NM's Spanish Livestock Heritage“New Mexico’s Spanish Livestock Heritage – Four Centuries of Animals, Land and People” by William W. Dunmire

University of New Mexico Press, $34.95, 233 pp.

By David Steinberg

William Dunmire’s new enterprise – “New Mexico’s Spanish Livestock Heritage” – looks like a history book, smells like a history book and reads like a history book.

But Dunmire is quick to clarify his credentials.

“I’m technically not a historian as much as I am a botanist, a naturalist,” the Placitas, N.M., resident said.

He did an exhaustive amount of research for the book. Notice the 30 pages of footnotes and 16 pages of literature cited that are near the back of the index.

But Dunmire declares, “I’m not an historian that does original research.”

Yet the book must be of some significance since it is the first one that comprehensively tells the story of the Spanish introduction of European livestock to the New World. We’re not just talking cattle and horses, mules and donkeys (in Spanish, ganado mayor), but a full range of livestock. Dunmire, again using the Spanish, ganado menor, is referring to sheep and goats and pigs and chickens.

The book discusses the effects of the introduction of these animals on the landscape as well as on the diet and the ways of life of the Native peoples. Wool from sheep, for example, played a key role in Native weaving practices. Animal power would be used “for human transportation, hauling heavy payloads, tilling fields and  many other kinds of work,” Dunmire writes. “The horses, cattle, goats and sheep accompanying (Don Juan de) Onate’s caravan would indeed lay the foundation for a livestock industry that would dominate much of the Southwest in years to come.”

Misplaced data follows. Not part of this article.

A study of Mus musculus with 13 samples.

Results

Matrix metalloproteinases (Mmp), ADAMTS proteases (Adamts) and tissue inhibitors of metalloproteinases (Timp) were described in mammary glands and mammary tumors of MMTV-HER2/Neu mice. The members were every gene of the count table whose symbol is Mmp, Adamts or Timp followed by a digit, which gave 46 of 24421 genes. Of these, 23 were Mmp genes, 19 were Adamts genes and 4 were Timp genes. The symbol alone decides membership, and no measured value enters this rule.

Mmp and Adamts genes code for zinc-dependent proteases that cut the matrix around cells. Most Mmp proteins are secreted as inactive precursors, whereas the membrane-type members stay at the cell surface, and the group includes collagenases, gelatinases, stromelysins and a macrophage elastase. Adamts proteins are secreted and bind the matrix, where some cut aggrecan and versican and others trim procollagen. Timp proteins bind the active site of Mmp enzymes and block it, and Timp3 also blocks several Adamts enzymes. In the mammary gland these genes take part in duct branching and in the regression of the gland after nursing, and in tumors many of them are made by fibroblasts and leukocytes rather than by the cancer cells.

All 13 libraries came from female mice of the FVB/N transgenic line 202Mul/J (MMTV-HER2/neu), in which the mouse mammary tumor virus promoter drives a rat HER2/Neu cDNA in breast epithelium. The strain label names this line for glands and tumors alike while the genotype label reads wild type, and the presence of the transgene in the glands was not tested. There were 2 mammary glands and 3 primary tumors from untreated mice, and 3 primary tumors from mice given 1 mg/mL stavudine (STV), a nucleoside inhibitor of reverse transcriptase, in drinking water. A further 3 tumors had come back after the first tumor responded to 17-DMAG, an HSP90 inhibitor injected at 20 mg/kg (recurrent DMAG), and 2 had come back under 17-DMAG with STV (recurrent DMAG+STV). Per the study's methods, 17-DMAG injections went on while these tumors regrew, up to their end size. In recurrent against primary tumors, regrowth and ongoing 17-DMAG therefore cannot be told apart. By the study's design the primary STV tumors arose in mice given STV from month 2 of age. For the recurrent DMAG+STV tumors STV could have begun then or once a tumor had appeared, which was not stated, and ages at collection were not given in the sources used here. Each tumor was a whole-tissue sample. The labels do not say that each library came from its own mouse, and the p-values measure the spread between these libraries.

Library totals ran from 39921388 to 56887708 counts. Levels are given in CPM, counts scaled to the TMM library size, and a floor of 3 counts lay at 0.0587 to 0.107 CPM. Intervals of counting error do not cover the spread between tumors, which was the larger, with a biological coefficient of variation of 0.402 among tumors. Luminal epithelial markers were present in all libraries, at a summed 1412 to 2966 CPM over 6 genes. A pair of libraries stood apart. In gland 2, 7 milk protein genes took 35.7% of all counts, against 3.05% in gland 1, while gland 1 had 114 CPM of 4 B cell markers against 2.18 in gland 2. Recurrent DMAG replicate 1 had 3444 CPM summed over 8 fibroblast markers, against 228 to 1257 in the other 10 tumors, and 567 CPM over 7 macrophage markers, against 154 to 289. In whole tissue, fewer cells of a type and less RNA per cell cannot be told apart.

Dunmire contends that New Mexico’s history of livestock is more complex and fascinating than many people realize.

That history, he said in an interview, goes back to 1540, before Onate’s arrival in what is today New Mexico.

Looking forward to the state’s multicultural population, Dunmire wrote, “livestock has had an effect on the Pueblos, the Plains Indians, the Navajos and certainly on the Anglos.”

“I’m somewhat of a grassland ecologist and I made the point that cattle on the Eastern Plains of New Mexico – the short grassland prairie – replaced the bison. … The point I make is that cattle in moderate numbers are an essential part of maintaining that grassland.”

Cattle grazing has also had a negative effect on the plains, his book acknowledges; it’s led to soil erosion.

The book has impressed New Mexico historian Richard Melzer. Melzer calls it “groundbreaking.”

In Dunmire’s earlier, award-winning book “Gardens of New Spain: How Mediterranean Plants and Foods Changed America,” he devotes a full chapter on the arrival of Spanish technology and the spread of livestock from the interior of Mexico. That chapter presumably planted the seed (pun intended) for his new book.

Dunmire has been giving a series of lectures around the state to ranchers, to local historical societies.

In a presentation in Las Vegas, Dunmire said a number of ranchers spoke up about the history of their families.

“I love that and the New Mexico Humanities Council does, too. It’s been a sponsor of most of the lectures,” he said. Dunmire received a Humanities Council grant to do more than 20 lectures on the subject of his book.

Dunmire is also the author of “Wild Plants of the Pueblo Province” and “New Mexico’s Living Landscape: A Roadside View.”

He retired from the National Park Service where he served as a naturalist at several parks and retired as superintendent of Carlsbad Caverns. He is an associate in biology at UNM and a research associate at the New Mexico Museum of Natural History.